Documentaries take us to places we've never been, introduce us to people we've never met and teach us things we might not have known, and that is what these seven short documentaries accomplish.
Saturday, October 23 at 2pm
13300 Branch View Ln
Dallas. TX 75234
October 23 @ 3pm until
October 31 @ 11:59pm
Borneo, Indonesia, is home to some of the most significant gold mining operations. Logistics are often messy and illegal, so some Dayak villagers find themselves hand-making equipment and destroying their homeland to compete for survival.
In the semi-arid village of Malolo in Singida, Tanzania, Adija and her surrounding community rely on one water source, a single hole in the ground no larger than the size of an average puddle. From the Ground Up takes a look into Adija’s daily routine and provides a powerful understanding of the localized impact of the increasingly dire global water crisis.
Pauline Bellamy has been an artist for her whole life. From the mountains to the sea, through the snow and windstorms, we accompany her on a journey through the seasons in the picturesque South Island of New Zealand. While she creates on-the-spot plein air paintings, Pauline reflects on her personal challenges, what fascinates her about painting, and five decades of work.
Over 14 million acres of rainforest in Borneo, Indonesia, have been deforested for Elaeis guineensis. This film narrates the near eradication of tribal Dayak traditions and indigenous lifestyles due to monoculture farming. Villager's point of view offers hushed insights into labor exploitation and illegally stolen land.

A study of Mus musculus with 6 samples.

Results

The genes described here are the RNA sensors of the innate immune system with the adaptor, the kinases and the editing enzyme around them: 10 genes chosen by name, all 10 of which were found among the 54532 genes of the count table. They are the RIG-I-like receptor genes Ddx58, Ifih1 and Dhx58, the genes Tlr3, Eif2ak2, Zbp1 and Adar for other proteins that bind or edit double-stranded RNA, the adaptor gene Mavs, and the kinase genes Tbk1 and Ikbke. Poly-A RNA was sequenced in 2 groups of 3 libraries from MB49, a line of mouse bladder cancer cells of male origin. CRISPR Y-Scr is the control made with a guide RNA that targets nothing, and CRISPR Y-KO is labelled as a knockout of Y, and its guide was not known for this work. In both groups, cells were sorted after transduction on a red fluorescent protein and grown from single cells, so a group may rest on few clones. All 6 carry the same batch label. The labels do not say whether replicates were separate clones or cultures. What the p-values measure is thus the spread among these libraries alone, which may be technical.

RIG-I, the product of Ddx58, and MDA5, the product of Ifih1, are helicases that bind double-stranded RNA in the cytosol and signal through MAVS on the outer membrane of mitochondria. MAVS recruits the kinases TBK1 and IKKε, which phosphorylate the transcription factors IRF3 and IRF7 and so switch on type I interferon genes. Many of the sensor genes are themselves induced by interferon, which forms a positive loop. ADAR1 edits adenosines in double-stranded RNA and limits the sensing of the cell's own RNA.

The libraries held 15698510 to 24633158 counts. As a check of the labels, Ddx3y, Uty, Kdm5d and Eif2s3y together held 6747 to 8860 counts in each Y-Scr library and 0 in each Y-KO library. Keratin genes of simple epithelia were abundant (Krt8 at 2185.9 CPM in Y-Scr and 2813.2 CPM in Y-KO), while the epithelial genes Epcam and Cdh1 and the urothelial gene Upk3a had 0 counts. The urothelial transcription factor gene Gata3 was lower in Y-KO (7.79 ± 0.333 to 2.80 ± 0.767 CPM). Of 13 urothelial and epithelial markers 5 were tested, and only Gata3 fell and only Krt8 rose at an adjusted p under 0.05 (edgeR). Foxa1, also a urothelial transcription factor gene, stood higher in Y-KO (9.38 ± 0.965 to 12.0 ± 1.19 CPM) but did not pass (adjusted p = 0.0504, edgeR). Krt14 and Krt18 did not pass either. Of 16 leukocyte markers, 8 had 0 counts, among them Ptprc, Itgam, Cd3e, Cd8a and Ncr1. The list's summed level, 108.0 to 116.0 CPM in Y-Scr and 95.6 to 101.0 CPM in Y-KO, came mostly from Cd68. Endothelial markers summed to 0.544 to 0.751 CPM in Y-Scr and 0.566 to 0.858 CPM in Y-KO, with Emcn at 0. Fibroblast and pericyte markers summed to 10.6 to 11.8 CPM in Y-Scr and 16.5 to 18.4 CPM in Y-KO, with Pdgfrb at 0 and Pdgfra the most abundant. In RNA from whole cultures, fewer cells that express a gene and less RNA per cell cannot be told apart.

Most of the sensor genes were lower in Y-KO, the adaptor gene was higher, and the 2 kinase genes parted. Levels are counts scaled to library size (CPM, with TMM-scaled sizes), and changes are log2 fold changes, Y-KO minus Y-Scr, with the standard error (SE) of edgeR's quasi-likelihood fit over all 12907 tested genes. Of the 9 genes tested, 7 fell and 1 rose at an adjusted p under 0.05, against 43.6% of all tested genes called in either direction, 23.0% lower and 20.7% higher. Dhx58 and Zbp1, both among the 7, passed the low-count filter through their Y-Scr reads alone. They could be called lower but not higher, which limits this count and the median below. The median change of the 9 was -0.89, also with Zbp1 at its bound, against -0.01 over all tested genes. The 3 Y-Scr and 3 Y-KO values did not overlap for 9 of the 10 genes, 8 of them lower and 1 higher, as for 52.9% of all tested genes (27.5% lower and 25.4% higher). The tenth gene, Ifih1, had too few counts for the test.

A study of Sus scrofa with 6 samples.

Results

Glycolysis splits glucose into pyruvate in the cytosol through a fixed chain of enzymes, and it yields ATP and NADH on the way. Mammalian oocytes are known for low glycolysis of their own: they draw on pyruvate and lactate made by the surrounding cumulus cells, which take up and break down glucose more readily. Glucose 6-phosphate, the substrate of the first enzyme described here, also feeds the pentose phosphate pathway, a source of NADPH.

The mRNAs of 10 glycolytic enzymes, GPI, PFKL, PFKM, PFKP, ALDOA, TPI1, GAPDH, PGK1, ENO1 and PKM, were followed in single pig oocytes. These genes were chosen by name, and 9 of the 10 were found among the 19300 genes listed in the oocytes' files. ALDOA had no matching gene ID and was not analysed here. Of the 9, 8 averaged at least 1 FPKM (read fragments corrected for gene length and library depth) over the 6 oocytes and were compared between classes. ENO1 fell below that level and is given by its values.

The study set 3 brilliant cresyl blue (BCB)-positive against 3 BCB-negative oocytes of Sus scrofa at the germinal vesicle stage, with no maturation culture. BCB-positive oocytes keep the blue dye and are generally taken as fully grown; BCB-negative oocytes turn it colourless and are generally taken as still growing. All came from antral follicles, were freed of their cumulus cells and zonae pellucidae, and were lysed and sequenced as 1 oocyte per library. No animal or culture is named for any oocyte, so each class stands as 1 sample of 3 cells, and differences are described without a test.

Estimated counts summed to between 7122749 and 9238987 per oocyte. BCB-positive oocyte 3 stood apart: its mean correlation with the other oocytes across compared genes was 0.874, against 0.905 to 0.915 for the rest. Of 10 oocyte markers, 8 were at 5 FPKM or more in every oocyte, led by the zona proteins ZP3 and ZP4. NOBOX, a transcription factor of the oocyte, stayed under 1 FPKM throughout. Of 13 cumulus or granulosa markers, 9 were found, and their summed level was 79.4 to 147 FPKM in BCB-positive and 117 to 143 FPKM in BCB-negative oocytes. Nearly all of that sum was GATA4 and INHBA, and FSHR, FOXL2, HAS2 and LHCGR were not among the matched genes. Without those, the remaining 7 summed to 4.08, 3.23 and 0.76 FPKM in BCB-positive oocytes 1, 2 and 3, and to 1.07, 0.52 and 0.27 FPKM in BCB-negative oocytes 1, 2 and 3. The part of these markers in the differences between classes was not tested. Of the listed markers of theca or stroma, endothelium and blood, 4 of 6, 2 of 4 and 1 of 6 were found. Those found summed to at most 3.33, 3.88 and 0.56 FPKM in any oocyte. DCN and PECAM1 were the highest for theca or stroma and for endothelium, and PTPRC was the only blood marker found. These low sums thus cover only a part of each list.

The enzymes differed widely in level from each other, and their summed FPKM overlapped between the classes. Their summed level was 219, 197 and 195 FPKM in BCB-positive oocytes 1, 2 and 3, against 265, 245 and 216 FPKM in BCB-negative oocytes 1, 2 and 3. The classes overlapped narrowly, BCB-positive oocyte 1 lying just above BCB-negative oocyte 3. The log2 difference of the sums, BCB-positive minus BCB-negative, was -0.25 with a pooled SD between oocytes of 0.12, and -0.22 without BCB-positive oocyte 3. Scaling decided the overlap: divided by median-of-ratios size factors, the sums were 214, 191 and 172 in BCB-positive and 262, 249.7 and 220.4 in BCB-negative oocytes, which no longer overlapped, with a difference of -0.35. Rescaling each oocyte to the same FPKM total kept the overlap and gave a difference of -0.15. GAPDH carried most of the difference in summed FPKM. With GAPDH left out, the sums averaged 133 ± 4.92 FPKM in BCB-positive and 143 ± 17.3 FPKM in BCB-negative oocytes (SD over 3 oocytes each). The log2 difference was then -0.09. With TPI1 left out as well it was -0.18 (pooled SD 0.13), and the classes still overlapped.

Allison Moore Adams reflects on how painting women who've walked through hardship helped her heal.
When these five Black lawyers set out on their journeys to receive a professional legal education, they did not realize that they would have to struggle against additional battles even more challenging than the rigors of learning the law in a hypercompetitive environment. They discover the contradictions of studying in an institution that idealistically represents "justice" for all.
Jay Jay Patton was only 13 when she designed and built Photo Patch, a mobile app to help kids send photos and letters to parents who are incarcerated. The app was inspired by Jay Jay’s own experience; her dad was in prison for five years and it was difficult to communicate with him as much as she wanted. This is a true story of drive, hope and ingenuity.